Target is a Titanic-size disaster
The data breach upending the company is a really big deal. Here's why.
By Jamie Dlugosch
Like many folks, I thought the data breach story at Target (TGT) was a yawner.
I had more important things to focus on, like lining up my Top 10 One-Year Sizzling Stocks for 2014.
Then I realized I should probably care a bit more. The story is not too different from the Titanic striking that iceberg.
This is a really big deal -- far bigger than the market realizes at the moment.
Last Friday, Target tried to make amends for the data breach by offering shoppers discounts. While on the surface that good-faith gesture was admirable, it will not work to reverse the damage that has been done -- and even worse the damage that is coming.
Target has now acknowledged that PINs for customers' debt cards were also part of the data stolen, according to reports Friday.
I had an enlightening experience at my local bank Saturday. A chance conversation with the teller revealed information that should have all Target investors shaking in their shoes.
A telling moment: Safeguard your assets
The bank teller asked me if I had multiple accounts at the bank. At first I simply thought he was trying to pad his numbers by opening as many accounts as possible. I was wrong.
He had other motives. Specifically, he was referring to the Target credit and debit card debacle and what his bank was recommending to its customers in response.
What in the world?
The bank's message boiled down to this: If you shop at Target, you might want to use a card with only a minimal balance. Keep the rest of your assets safe in other accounts.
Obviously this teller was instructed to share this information with me from on high. The problem for Target that is telling? That a bank would go out of its way to do this in the first place.
Bigger problems dead ahead for Target
Behaviors will change because of this lapse. The discounts are bad enough. Changed behavior is so much worse. Add in the potential liability and you see the problem. Earnings are going to get whacked and whacked in a big way.
Look for the first pre-announcement after the holidays. At that point it will be sober-up time for Target management, and the look at the damage will be not so fun.
Get out of Target stock now while you still can. There are far better opportunities elsewhere.
So now we are to listen to "advice" from bank tellers about how we should manage our credit and debit cards. Right. How about using debit cards in the future only for ATM cash withdrawals, which is what they were originally intended for in the first place? And by the way, I didn't see any advice in this article about getting new cards issued with new account numbers if your account could have been compromised. Shouldn't this "knowledgeable" writer have included that? My credit card company was happy to issue me a new credit card with a new account no. at no charge as soon as I notified them that I had shopped in Target during the problem period. Problem over for me. They even sent it via Fedex, which I didn't even request.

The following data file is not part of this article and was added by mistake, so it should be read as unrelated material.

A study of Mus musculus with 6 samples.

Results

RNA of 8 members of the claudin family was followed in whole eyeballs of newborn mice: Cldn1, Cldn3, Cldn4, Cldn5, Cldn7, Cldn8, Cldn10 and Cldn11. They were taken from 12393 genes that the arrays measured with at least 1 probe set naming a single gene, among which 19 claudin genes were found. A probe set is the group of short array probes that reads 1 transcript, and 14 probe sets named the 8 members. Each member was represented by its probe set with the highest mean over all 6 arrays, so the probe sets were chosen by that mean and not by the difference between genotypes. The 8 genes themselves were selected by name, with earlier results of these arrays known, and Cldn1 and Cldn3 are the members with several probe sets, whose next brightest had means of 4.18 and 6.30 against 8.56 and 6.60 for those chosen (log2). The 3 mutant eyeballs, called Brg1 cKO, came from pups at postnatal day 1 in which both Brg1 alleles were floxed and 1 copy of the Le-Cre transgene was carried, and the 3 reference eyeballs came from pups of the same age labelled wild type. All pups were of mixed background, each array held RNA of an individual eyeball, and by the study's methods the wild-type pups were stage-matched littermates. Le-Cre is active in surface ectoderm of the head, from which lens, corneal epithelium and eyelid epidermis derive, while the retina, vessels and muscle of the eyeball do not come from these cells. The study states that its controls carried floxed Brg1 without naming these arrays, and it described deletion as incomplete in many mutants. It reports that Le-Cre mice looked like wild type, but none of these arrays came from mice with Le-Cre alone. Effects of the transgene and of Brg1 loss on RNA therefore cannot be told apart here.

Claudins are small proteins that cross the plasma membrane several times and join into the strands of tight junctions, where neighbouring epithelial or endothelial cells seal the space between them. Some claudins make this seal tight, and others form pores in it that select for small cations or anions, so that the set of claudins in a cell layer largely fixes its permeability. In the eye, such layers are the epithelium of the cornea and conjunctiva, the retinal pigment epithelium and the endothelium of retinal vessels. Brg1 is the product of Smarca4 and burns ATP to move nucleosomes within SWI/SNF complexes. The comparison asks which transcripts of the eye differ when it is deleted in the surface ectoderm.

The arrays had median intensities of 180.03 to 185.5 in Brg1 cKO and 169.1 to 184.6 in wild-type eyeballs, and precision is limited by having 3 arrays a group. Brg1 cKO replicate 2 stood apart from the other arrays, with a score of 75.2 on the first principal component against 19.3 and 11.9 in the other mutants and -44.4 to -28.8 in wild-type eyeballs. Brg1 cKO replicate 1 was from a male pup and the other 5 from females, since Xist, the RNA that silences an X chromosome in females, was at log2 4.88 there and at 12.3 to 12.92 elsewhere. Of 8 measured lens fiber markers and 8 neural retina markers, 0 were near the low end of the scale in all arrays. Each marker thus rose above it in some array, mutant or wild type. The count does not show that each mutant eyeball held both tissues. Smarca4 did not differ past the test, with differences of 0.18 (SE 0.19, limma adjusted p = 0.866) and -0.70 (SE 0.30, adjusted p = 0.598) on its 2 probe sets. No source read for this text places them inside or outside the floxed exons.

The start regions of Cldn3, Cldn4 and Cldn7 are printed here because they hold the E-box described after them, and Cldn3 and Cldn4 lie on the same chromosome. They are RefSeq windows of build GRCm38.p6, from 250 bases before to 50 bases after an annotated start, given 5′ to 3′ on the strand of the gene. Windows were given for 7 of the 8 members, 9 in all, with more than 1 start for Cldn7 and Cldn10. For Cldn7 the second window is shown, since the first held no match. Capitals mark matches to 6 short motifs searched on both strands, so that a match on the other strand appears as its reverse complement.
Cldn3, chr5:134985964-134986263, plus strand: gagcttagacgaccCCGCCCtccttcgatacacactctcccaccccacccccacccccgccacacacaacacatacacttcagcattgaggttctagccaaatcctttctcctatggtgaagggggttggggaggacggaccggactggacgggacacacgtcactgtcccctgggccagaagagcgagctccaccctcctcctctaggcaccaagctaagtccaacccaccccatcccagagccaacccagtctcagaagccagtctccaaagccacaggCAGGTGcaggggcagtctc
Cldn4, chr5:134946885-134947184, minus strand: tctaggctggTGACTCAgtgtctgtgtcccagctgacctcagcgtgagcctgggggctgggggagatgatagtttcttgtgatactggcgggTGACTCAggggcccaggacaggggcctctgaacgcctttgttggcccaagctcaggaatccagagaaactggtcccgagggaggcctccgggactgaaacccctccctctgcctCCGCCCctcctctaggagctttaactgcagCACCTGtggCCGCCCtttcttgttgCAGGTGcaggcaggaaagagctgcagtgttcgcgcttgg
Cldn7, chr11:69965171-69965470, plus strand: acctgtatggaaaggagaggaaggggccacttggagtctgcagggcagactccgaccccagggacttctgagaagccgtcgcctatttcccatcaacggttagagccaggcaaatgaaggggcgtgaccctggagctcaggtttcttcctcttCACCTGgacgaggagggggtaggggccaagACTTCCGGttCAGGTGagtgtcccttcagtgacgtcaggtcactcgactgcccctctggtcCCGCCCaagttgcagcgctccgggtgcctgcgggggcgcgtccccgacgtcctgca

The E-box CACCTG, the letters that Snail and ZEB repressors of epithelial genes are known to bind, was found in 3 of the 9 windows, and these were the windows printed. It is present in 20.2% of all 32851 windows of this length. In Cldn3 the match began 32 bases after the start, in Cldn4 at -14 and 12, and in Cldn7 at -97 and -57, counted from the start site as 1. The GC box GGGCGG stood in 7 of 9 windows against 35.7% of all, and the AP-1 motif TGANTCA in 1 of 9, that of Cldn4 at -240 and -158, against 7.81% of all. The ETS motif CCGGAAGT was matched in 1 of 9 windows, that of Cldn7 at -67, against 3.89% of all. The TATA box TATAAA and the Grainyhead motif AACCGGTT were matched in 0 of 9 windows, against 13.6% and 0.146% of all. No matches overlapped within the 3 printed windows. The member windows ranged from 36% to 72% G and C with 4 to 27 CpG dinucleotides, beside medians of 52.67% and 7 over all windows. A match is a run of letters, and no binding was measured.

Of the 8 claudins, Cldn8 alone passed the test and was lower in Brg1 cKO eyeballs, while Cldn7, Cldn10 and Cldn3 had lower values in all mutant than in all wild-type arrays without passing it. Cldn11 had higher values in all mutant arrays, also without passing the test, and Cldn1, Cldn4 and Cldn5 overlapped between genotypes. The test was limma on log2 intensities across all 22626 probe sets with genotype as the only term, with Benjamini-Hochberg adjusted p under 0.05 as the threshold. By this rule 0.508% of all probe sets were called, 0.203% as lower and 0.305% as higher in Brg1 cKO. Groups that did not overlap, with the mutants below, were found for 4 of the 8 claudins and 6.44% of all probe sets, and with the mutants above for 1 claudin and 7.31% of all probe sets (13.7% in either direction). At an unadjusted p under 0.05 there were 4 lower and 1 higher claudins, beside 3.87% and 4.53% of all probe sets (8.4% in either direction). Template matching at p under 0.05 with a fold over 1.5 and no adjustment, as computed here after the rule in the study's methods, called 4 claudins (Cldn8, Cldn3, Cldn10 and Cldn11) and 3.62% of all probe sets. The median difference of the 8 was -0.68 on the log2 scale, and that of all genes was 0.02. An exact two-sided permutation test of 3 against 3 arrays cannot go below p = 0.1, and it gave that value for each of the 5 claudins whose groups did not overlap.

Like previously stated in a comment (credit cards and debit cards) LIKE EUROPE, could be upgraded and use a chip instead of a magnetic strip, costing the banks and credit card companies,
Banks should use billions from the bailout to implement new security cards, but when they do get around to making this change, they will increase their fees to cover this cost. It's good enough for Europe, why not the US?
Also, this could also be a ploy from this teller,/along with a ploy by the bank to sell more accounts, rather than a real concern for the customer? More bank accounts = more potential bank feesAuthor/Jamie Dlugosch. Why not do a little research and report on the equipment used in this security breach and if other retailers use the same?
GET A JOB!
DIE FRAUD STREET, DIE!
Might be good to freeze your credit....check out Clark Howard's web site.
Please listen, folks: and when you do I'll be waiting to scoop up the shares of an excellent company that's leaving Walmart in the dust at rock-bottom prices. The author of this article will probably do so as well - and then tell you afterward Target is underpriced.
Think I've heard of some people losing Thousands out of Bitcoin accounts....
One guy even lost in the Millions because of a "hard drive problem"...?
So I guess most transactions are about secure as the person that is responsible for them.